Thursday, August 30, 2012
Mary Robinette Kowal measured out that narrow thread brilliantly in her first novel, Shades of Milk and Honey (see my review), a very deliberately Austenesque novel set in a slightly different Regency era, where small, decorative, illusion-based magics were common, and commonly left for women. Her second novel was promised as a sequel to Shades, and as a story that would send the newlywed couple from Shades -- the taciturn, saturnine established glamourist David Vincent and the unsure but highly talented Jane Vincent -- to Europe, where they would be embroiled in Napoleon's return from Elba. I'll admit to being worried that this novel -- which was published this spring as Glamour in Glass -- would ramp up the anachronistic external action and turn Jane into some kind of freedom-fighting action heroine, slinging bolts of magic at advancing armies.
I should have had more faith in Kowal; the actual Glamour in Glass bears no resemblance to my fears, and instead extends out the world of Shades, in the same way a sheltered young woman of Jane's era would travel out into the world to a greater degree once she was "safely" married. The tone and manner precisely follows Shades; this is a continuation, not a break. David and Jane move to Binche, Belgium, to study and work with Bruno Chastain, an old colleague and teacher of David's who has a major studio and school in that town. And the rest of the novel flows out from that: David and Jane are in a new place, and still very new in their marriage, so they are making a thousand little adjustments, to the place and to each other -- and this in an era where women are expected to obey and to be quiet. Jane, of course, does not have the temperament to do that!
There's also that age-old call to the newly-married woman: where are your babies? Jane wants children, but glamour interferes with pregnancy -- she'd have to give up her work for at least nine months, even assuming she could return to it at full strength after the birth...and that's in early-19th-century medical conditions, remember! So she's torn between two desires -- for meaningful work and for a family -- and cannot control either of them entirely. Her relationship with Vincent is mildly stormy -- he's lived entirely on his own for a long time, and has been accustomed to being in charge of all of his own work -- which complicates their working life and makes her reluctant to want to get pregnant. But, in the early 19th century, pregnancy is not something that can be reliably kept away.
And then Napoleon does return from Elba, as he did in our world. His armies whip up the countryside -- it had rebellious holdouts even when David and Jane came to Binche, and more flock to Napoleon's banner on his return -- which puts them all in danger, none more so than David, who is considered to be a spy for the British throne. And Jane must help to rescue David, and so does take a more active role in this book than she did in Shades, where she was mostly a spectator at the big confrontation at the end. It's not quite an action heroine role -- again, the point of glamour is that it is quiet, it is elegant, and it hides things -- but she is brave and resourceful and smart as we knew she could be, and she shows that, even in a socially realistic historical fantasy, a woman can still be the one to save a man.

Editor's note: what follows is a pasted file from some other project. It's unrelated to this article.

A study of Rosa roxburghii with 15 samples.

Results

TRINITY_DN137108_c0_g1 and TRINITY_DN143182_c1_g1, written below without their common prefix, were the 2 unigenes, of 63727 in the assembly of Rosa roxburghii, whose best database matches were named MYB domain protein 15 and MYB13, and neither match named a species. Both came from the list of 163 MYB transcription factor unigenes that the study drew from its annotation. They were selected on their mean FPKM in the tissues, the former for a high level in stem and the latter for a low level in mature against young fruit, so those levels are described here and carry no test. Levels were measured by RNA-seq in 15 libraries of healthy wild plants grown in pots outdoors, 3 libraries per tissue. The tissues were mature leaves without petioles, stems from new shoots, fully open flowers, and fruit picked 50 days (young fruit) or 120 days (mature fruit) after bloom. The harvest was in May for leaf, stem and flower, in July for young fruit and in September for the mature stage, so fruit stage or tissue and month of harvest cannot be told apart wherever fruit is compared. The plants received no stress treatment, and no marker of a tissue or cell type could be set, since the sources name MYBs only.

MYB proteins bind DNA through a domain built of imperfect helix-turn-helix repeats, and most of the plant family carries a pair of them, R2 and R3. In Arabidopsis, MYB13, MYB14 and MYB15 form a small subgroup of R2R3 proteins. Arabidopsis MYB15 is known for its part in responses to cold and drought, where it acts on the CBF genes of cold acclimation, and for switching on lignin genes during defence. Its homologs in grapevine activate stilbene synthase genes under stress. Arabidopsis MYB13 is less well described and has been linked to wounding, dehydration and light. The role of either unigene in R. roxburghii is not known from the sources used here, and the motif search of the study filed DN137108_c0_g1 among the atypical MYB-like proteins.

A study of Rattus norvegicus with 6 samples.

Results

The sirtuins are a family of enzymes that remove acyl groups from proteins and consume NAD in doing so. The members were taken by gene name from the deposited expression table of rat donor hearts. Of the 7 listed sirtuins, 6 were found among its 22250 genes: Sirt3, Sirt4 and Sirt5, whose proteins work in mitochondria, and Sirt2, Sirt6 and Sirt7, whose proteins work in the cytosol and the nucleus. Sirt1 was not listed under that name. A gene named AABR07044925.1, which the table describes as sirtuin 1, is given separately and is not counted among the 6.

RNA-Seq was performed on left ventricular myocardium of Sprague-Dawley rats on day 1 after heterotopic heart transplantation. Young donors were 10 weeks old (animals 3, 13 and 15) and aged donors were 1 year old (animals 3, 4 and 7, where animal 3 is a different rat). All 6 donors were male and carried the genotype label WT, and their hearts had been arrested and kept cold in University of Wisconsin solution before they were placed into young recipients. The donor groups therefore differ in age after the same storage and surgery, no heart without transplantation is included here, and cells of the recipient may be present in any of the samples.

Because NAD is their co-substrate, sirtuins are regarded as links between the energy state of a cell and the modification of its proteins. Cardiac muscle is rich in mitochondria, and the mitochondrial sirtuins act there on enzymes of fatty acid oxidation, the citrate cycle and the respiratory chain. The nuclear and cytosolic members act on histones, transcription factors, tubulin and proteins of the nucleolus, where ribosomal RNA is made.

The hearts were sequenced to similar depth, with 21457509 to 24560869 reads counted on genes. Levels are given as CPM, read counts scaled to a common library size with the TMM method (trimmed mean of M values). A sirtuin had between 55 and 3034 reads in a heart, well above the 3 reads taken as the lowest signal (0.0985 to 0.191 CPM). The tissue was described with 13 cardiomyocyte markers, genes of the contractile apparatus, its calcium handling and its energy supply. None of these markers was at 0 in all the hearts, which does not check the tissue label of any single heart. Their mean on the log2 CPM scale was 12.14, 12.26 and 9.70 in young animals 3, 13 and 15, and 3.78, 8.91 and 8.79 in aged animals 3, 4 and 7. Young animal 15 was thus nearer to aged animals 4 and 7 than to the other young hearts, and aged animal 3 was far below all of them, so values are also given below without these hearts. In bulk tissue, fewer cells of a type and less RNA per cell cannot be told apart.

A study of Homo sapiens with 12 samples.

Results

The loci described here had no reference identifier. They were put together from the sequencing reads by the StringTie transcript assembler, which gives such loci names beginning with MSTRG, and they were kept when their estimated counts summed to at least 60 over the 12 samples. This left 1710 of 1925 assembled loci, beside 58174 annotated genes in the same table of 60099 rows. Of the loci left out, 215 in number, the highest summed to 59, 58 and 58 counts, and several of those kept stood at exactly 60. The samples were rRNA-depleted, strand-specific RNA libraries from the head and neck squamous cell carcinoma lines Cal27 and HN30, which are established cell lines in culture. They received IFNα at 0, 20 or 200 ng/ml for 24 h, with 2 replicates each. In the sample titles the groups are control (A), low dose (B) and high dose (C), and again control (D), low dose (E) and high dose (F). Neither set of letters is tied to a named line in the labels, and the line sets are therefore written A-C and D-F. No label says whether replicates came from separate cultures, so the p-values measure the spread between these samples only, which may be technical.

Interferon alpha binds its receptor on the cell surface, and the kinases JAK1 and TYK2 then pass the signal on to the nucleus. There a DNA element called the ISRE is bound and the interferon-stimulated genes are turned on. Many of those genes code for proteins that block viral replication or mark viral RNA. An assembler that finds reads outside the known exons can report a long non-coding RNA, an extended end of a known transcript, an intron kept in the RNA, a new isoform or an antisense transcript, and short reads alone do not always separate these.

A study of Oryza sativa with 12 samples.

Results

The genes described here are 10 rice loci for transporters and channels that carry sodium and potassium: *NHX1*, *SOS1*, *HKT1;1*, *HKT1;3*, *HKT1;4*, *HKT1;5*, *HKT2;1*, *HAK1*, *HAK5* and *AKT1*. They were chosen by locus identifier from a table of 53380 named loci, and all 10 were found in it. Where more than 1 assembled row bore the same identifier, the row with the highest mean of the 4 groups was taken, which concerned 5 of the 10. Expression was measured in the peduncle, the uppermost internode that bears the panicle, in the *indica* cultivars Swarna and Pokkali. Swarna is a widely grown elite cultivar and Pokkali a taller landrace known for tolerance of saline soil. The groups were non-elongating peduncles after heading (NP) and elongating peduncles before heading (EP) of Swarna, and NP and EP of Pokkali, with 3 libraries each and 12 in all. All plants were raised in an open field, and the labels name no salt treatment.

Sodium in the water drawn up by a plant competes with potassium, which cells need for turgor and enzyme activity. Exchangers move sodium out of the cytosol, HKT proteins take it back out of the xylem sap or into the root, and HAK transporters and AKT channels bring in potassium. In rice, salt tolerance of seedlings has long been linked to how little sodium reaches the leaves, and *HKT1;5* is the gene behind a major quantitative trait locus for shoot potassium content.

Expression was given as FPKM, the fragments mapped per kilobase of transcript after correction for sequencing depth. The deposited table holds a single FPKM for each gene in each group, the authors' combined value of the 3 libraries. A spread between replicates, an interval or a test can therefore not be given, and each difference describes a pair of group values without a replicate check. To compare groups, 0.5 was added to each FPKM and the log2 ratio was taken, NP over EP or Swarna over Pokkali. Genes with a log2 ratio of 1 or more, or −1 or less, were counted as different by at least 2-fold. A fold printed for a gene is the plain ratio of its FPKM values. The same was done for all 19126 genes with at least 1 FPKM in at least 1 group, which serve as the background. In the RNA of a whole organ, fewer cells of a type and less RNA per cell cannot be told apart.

While Shades was clearly a slightly modified Jane Austen novel -- asking what would happen if there were a different, magical womanly art, and the rest of society was exactly the same? -- Glamour is both more clearly a series book, following from its predecessor, and more firmly in a commercial fantastic genre: our heroes are extending and expanding the scope of their magical arts, which is always exciting and conducive to new plots but leads, before long, to that upward power spiral that most of SFF eventually falls victim to. The spiral is very, very low here, of course. But if Kowal gives us a new novel of the glamourists each year, who knows how far their art could advance?
I doubt, though, that it will come to that. The joys of Shade and Glamour are in the human-level lives of their people, Jane and David above all, and in how they live in their very well-realized world -- their clothes, conversations, physical surroundings, and even attitudes are all very period-specific; they're individual people but also individual Regency people, which isn't true for a lot of historical novels. And even if Kowal spends the next three decades exploring every moment of their married lives and careers together, over the course of the entire 19th century, I'm sure they'll stay as true to themselves, and to each other, as they have been so far.